Climate change, over-fishing and other human impacts have pushed the oceans to the brink of a mass extinction that could take tens of millions of years to recover from, an Australian scientist says.

Dr John Alroy from Macquarie University in Sydney has used the fossil record of the ocean, dating back more than 500 million years, to study how major changes in marine animal groups take place.

His work is published today in the journal Science.

In the course of the past 540 million years, marine animals have undergone several mass extinctions that saw dominant life forms suddenly replaced by others, he says.

For example, about 250 million years ago, species of animals known as lamp shells, which had dominated sea-beds, were suddenly replaced by clams and snails.

"The lamp shells were all over the place and diverse for a quarter of a billion years, then the biggest mass extinction in the history of life on earth happened - the Permian-Triassic extinction - and they went from being all over the place, to being rare and not very diverse."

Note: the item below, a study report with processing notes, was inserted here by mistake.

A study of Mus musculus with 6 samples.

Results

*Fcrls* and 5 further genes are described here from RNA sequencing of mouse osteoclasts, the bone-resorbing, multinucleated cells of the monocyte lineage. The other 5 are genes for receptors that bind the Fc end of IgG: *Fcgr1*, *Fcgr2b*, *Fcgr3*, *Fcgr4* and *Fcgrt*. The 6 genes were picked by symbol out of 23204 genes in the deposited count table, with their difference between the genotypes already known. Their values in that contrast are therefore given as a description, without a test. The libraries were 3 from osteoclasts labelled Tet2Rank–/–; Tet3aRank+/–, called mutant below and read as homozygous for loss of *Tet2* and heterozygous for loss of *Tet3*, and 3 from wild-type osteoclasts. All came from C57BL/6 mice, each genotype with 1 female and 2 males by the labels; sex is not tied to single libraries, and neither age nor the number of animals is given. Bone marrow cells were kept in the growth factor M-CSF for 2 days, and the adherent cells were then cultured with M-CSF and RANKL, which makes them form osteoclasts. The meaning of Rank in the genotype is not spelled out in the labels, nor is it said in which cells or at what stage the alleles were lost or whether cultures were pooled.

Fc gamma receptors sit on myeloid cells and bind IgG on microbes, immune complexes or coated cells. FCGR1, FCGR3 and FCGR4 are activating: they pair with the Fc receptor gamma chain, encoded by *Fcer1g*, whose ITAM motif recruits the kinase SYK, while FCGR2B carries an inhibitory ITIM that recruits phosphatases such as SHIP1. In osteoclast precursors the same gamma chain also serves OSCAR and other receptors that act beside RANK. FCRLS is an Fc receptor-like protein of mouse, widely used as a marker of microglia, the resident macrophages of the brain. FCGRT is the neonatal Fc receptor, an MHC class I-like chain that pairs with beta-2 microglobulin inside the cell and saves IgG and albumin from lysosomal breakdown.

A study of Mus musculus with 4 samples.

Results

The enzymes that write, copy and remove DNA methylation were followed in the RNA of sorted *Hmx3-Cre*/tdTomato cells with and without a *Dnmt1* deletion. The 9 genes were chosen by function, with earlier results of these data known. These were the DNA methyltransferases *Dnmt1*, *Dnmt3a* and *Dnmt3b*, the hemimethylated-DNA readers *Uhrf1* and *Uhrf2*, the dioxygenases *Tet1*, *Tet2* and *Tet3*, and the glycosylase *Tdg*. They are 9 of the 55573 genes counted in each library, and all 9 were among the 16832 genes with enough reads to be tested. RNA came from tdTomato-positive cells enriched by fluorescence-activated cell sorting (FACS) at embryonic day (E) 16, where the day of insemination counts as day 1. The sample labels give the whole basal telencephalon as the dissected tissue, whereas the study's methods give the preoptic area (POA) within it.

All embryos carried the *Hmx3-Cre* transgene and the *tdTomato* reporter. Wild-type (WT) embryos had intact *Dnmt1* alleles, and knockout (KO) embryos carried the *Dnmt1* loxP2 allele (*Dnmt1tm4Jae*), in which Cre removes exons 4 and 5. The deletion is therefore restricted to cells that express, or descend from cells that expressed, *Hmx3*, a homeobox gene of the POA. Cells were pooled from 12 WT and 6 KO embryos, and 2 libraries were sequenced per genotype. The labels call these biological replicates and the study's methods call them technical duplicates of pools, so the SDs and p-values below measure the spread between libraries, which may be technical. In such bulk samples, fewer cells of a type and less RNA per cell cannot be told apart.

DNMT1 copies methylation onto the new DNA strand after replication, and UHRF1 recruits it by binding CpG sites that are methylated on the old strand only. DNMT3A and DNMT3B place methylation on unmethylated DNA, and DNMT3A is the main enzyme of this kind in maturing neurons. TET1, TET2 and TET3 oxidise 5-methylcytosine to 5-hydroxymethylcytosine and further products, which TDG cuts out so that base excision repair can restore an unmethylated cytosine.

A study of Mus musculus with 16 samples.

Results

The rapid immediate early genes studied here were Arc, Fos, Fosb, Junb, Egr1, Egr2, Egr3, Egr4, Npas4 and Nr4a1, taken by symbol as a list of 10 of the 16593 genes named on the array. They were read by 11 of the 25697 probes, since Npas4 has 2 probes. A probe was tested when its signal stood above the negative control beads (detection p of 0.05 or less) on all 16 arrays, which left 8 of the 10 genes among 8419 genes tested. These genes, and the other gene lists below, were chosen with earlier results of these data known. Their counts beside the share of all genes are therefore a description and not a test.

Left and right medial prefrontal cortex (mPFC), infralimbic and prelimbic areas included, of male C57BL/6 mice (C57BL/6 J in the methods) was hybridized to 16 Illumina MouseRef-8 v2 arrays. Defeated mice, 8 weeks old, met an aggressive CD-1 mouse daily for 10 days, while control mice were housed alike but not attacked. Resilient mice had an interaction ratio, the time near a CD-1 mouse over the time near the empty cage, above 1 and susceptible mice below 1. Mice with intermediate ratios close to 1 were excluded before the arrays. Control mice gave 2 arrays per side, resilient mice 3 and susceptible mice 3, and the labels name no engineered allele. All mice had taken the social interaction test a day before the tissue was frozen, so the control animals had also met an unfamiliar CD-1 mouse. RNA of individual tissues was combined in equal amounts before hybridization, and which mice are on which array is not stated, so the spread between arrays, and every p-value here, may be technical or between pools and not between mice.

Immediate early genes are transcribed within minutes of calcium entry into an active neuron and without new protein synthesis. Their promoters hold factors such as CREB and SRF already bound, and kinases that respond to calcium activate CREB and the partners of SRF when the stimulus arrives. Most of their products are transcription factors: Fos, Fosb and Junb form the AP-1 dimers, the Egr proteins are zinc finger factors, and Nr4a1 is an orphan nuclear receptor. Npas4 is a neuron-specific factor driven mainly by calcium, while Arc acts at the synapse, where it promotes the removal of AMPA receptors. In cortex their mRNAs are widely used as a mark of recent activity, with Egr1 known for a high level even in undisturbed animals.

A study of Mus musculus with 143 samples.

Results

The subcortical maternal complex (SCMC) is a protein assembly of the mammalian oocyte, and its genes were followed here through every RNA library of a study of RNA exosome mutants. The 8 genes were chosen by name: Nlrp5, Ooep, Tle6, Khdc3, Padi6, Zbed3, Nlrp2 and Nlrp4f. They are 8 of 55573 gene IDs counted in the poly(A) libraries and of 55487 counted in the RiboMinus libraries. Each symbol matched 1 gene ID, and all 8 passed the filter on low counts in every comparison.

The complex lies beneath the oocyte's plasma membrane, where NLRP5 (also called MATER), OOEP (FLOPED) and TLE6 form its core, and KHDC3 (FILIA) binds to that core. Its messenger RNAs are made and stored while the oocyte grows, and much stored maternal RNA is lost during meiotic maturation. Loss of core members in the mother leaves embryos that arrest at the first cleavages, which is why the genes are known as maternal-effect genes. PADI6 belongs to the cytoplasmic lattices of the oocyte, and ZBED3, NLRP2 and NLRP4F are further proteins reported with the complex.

Resetting the rules

Until recently, scientists had thought these extinction events were governed by the slow unwinding of predictable evolutionary "rules" that operated over hundreds of millions of years, says Alroy.

"What my paper shows is that that story is fundamentally wrong, in that it doesn't take into account the way a big evolutionary innovation or mass extinction can overturn the rules."

"The change in the balance of groups is not random. It's not that some groups have good luck and some have bad luck. There has actually been a resetting of the rules of evolution."
New order

Human activities such as over-fishing, the acidification of the oceans and the introduction of imported species are threatening to trigger another such event, Alroy warns.

"It's not just a mass extinction, but a massive reshuffling of species across the globe. We're simultaneously ruining the environment and selectively wiping out certain groups."

This combination of stresses threatens to leave ocean biodiversity devastated, he says. "Things are so bad right now in so many different ways it's very hard to imagine that you wouldn't have a big long-term overturn in the balance of groups."

The fossil record shows that the consequences of this kind of mass extinction can last for many millions of years.

"It will take tens of millions of years before there is a full recovery with respect to the number of species in the ocean and the balance of groups," Alroy says. "It will establish a new order that will persist for a very long time."